Empowering healthcare providers worldwide to deliver exceptional outcomes for patients. What could be more important? That’s the mission of global medical technology company, CONMED. The company develops and sells world-recognized surgical products and services to doctors and healthcare facilities in the Orthopedic Sports Med, Laparoscopic, and Gastroenterology specialties so they can deliver the highest quality care and best possible outcomes for their patients.
Not surprisingly, the company’s additive manufacturing strategy centers on research and development. David Perron, CONMED’s Group Manager, R&D, manages the company’s Model Shop. His team of five Model Makers supports CONMED’s Largo Sports Medicine and Power Groups, Utica, New York headquarters, Denver, Colorado Design Center for Electro Surgery and the Westborough, Massachusetts Imaging Facility.
All CAD experts migrating to SOLIDWORKS, David’s Model Shop team works on priority product design and development. In collaboration with doctors, engineers and marketing, all part of the company’s Design Groups, the Model Shop team develops product concepts. They continually iterate designs, 3D printing parts and evaluating the designs at every stage of iteration. This is done until the product is ready for pre-production builds, as required to launch a new product. This can take months or even years.
3D printing is used for researching ideas and iterating designs for nearly every product developed at CONMED. Traditional machined prototypes can take days or weeks vs. overnight delivery for a 3D printed part. This time savings realized by using 3D printing is significant considering the number of iterations per project and the number of active projects at any given time.“Timing is critical;everything is urgent,” says David.
That’s why CONMED operates their 3D printers 24/7 to produce parts for implants, tooling, prototypes, functional handles for instrumentation, implants and molds.
David’s team works with the Design Team engineers and doctors to test and evaluate prototypes in CONMED’s world-class Education Center cadaver lab to determine how the prototype devices function in clinical situations. Designs are finalized upon successful evaluation and testing.
CONMED’s plastic-based 3D printers, including Rize™ One, are typically used for parts requiring strength - functional testing, for example. David purchased a Rize One 3D printer from Rize Authorized Reseller, EMS Inc., a leading full-service provider of commercial 3D printing and 3D scanning solutions to customers across a range of industries, including aerospace, automotive, military, consumer goods and more.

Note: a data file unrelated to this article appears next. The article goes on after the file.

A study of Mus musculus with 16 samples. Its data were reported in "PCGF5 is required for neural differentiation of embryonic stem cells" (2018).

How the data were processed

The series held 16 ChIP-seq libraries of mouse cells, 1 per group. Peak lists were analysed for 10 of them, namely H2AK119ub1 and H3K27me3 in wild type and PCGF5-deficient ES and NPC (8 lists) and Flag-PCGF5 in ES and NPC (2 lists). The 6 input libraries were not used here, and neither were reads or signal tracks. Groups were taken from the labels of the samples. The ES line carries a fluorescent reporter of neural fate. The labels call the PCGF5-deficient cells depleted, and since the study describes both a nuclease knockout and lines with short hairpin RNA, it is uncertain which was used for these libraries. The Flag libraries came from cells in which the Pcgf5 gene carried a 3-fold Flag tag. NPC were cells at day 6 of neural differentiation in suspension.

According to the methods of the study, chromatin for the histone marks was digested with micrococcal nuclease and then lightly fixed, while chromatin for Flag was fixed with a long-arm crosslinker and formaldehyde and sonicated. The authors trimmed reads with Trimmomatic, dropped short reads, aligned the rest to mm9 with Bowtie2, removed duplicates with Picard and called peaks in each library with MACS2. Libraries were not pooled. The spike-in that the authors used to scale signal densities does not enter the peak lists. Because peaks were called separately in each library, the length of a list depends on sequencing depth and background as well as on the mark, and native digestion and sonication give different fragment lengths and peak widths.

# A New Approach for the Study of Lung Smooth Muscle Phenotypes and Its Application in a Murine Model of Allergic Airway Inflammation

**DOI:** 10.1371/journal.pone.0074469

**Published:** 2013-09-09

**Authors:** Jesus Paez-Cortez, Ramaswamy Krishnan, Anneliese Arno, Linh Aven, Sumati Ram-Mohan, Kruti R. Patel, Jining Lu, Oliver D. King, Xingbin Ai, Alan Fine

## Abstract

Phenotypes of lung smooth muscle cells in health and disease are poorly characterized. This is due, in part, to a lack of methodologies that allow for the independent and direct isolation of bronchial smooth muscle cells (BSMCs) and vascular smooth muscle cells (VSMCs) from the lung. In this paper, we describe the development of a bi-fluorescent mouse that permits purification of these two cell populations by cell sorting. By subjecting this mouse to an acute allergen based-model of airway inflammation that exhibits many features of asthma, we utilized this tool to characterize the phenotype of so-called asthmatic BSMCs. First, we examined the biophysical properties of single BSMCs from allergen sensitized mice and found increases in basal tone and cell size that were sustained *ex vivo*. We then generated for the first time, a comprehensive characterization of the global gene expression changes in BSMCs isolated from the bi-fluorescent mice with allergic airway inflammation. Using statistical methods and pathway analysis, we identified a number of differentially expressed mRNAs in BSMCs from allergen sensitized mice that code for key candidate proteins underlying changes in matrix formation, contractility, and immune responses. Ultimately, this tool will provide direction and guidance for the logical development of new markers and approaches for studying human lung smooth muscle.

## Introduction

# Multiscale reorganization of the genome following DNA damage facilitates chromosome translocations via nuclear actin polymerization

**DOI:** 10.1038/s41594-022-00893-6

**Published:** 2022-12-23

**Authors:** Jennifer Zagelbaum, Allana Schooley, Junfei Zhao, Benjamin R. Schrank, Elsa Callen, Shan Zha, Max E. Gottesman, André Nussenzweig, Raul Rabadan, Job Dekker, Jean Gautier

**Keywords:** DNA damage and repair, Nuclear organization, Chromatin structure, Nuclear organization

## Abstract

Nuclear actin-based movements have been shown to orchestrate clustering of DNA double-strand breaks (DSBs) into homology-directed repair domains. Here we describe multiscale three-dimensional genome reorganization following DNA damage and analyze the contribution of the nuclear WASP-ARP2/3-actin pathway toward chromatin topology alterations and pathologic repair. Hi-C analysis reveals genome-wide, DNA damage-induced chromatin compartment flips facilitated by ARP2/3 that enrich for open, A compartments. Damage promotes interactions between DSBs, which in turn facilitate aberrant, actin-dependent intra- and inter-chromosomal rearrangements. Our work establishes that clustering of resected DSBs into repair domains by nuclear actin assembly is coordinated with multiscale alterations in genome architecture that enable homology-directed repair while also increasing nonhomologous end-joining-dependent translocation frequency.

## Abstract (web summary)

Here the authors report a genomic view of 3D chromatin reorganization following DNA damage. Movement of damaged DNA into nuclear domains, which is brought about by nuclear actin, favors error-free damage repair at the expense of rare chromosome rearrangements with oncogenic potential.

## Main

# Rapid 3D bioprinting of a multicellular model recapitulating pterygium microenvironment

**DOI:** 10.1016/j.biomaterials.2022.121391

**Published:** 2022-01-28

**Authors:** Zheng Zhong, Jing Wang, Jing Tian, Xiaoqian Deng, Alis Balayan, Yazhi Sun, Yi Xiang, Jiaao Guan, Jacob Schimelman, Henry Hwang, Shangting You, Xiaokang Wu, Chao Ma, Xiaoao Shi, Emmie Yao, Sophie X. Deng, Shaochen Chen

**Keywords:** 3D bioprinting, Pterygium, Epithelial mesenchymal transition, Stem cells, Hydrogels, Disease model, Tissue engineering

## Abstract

After evaluating Rize One and an expensive Fused Filament Fabrication (FFF) printer, David observed that Rize One provides better part surface quality, part strength and the ability to 3D print part and version numbers directly on and in parts. In addition, parts produced on a Rize™ One 3D printer require minimal, dry post-processing that takes just seconds or minutes compared to hours sitting in a chemical solvent bath. A reliable, easy-to-use, industrial-class system, David purchased Rize One to be his team’s “workhorse.”
CONMED uses their Rize One 3D printer primarily for functional prototyping of handles for medical instrumentation and other parts of assemblies in the company’s cadaver labs, as well as parts for ergonomic testing and surgical planning. They have also seen great results using Rize to print molds for end-use silicon and low-temperature parts
CONMED’s tagline, Imagine what we could do together, encapsulates what is possible using Rize technology at the company. David sees an ideal application for Rize 3D printing in CONMED’s Tool Shop to produce functional tooling and replacement parts used in production. And, given Rize’s clean and safe process, he can also envision placing Rize 3D printers in the product groups’ engineering offices. The opportunity to strategically use Rize 3D printers at scale across the value chain at CONMED are virtually unlimited.